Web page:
Vol 303 - Who's Responsible?
Roger Smith of LaSalle Financial offered up this timely financial red flag at The Grubb Co's Tuesday morning meeting and I thought it worth passing along as it may profoundly affect your ability to borrow funds from here on out. (No, I'm not including a pithy anecdote this week; this news flash is story enough and you should read on - especially if you are in the market to buy.)
As of January 10, 2104, as part of the "Dodd-Frank" regulations on first mortgage loans, all Lenders will be required to determine a borrower's true ATR (that's "ability to repay") BEFORE underwriting a loan.
"Haven't they been doing this all along?" you appropriately wonder.
Why yes, they have, but NOW the Lender is financially responsible if a defaulting borrower can prove that the lender did NOT thoroughly determine whether or not the homeowner could actually pay the loan back. (Gee, what a concept.)
In other words, the bank can no longer foreclose on a house, OR the defaulting party, IF they shouldn't have made the loan in the first place!
"Come again please?"
The Bank is responsible for their lending practices, not the consumer.
Given that the onus is now on the bank to do more due diligence prior to making a home loan, you might imagine that tougher lending requirements are likely to follow . . . and you'd be right. There are many aspects to this new regulation, but the one that will impact many potential borrowers (that's you) is the hard and fast rule that the DTI can no longer exceed 43%!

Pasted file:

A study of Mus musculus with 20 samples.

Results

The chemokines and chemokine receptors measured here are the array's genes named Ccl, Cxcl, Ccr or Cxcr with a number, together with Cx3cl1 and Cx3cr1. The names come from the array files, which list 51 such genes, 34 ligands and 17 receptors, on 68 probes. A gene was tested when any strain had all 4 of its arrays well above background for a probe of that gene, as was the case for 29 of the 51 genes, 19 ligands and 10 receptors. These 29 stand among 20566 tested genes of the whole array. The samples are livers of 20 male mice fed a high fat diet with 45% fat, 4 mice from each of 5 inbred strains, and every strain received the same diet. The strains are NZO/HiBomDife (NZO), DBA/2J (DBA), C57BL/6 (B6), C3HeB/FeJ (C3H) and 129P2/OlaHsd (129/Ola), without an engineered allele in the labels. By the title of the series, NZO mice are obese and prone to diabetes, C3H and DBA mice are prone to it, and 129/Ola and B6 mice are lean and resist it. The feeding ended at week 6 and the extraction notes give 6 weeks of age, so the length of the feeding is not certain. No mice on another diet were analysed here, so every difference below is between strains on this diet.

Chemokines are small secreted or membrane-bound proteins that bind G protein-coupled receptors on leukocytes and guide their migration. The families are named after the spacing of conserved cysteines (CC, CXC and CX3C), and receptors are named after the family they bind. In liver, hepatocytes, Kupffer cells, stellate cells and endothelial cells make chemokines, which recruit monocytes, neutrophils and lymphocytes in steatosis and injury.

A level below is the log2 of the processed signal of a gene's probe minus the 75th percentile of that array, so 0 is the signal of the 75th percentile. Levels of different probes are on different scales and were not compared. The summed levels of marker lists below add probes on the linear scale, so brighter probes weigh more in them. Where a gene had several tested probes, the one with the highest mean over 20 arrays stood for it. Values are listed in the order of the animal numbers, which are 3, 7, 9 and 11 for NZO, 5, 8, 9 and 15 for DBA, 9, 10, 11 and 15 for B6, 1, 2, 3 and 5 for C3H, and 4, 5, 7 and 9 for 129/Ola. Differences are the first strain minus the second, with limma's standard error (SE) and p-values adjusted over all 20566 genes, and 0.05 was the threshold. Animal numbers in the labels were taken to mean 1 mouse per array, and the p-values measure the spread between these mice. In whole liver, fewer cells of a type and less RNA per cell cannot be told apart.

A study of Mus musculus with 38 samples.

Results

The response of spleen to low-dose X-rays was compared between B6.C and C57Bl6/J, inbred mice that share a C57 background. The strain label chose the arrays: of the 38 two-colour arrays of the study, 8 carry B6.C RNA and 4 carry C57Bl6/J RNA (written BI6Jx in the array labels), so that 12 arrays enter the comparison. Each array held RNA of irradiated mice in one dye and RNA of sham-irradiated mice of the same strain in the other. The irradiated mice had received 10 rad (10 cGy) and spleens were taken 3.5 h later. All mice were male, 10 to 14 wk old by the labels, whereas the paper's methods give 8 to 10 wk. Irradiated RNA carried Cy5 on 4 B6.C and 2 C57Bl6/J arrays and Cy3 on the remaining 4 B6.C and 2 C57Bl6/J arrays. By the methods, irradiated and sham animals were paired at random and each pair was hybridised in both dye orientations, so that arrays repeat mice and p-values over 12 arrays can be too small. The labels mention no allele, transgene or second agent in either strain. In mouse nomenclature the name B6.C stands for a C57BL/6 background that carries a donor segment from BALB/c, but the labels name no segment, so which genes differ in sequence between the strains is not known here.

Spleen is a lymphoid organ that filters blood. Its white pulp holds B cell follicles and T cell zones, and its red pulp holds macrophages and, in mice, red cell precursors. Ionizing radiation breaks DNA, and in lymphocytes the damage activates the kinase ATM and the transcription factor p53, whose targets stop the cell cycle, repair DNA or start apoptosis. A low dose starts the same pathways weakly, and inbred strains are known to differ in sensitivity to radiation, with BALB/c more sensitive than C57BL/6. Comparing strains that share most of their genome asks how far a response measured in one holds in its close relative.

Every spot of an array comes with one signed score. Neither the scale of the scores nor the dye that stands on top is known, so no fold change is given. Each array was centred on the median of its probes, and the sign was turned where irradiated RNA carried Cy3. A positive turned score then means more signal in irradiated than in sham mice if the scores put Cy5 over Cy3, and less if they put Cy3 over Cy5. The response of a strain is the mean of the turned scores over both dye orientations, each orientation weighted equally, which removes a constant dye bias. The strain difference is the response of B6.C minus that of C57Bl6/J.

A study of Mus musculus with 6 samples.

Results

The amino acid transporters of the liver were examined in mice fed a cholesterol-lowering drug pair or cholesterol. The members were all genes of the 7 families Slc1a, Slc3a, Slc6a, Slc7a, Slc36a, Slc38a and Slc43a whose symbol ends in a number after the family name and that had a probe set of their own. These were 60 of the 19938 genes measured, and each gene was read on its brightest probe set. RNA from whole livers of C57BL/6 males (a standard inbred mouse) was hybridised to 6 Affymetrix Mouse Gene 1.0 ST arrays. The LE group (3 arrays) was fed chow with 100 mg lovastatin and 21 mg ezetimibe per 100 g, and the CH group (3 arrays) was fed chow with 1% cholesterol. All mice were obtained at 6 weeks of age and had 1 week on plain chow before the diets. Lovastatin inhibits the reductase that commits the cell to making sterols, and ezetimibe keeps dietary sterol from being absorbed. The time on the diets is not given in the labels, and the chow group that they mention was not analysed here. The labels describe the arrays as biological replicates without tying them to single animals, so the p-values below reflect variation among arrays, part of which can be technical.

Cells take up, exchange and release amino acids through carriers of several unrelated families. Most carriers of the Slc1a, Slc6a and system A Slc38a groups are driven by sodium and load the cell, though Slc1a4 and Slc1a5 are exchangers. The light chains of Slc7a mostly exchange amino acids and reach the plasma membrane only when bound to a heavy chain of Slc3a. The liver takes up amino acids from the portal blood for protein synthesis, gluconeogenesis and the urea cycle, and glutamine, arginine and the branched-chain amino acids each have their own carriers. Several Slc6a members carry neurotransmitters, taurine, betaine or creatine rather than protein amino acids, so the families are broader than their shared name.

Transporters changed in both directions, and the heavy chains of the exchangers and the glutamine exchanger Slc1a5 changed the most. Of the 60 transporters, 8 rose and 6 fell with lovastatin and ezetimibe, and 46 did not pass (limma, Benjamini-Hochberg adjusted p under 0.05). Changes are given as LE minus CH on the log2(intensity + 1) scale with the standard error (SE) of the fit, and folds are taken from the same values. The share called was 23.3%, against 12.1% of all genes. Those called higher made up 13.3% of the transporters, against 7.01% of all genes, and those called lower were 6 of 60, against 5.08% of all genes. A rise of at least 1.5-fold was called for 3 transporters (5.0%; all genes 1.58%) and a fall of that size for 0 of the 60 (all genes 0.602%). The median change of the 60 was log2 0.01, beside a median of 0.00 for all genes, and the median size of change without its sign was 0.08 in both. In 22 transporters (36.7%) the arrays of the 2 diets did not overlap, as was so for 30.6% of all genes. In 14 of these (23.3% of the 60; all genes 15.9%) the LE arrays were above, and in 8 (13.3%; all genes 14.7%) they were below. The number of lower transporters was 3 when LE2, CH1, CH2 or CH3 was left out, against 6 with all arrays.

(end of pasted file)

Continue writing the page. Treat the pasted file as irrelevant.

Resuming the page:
That stands for "Debt to Income Ratio," and it is calculated by taking one's gross monthly income and dividing it into the total monthly debt. Included in "monthly debt" is total housing expenses, or "PITI" (principal, interest, taxes, insurance - and HOA fees should they apply), as well as recurring payments on consumer debt (i.e: student loans, car loans, credit card payments, etc.), AND total payments on other properties owned (vacation homes, rental properties, commercial properties - for those fortunate enough to own additional properties).
In short, what are your TOTAL EXPENSES on a monthly basis? (Surprisingly, private school and college tuitions are not yet counted as part of a borrower's monthly debt, but that's likely to change, given the expense of these educational institutions - as any of us can attest to who currently have kids in college or private schools.)
Whether you agree with this stricter fiscal policy or not (many will say these guidelines make practical sense, while others believe that lending requirements are already too tight) the result is that with much tougher restrictions in place, Borrowers are likely to qualify for less today than they would have this time last year.
How does this play out for Buyers?
If you are in the market and have a pre-approval letter dated from 2013, you will absolutely need to double back with your lender/broker to make sure you still qualify for the amount outlined in last year's understanding. (Don't be surprised if the amount has been reduced dramatically.)
This is just one example of how these new regulations will impact potential borrowers, but it's not the only calculation. We haven't even touched on liquid assets vs. savings. Equity that is locked up isn't going to cut it no matter how much is sitting in your 401K or Charles Schwab accounts unless it is paying high dividends and can be counted as monthly income. Got it?
If you would like further information or have any specific questions, feel free to call Roger Smith at: (510) 339-4300, or email him at: firstname.lastname@example.org .
Thank you, Roger. That was rather timely, although not necessarily the most welcome news to date. (I know, you're just the messenger and we appreciate it.)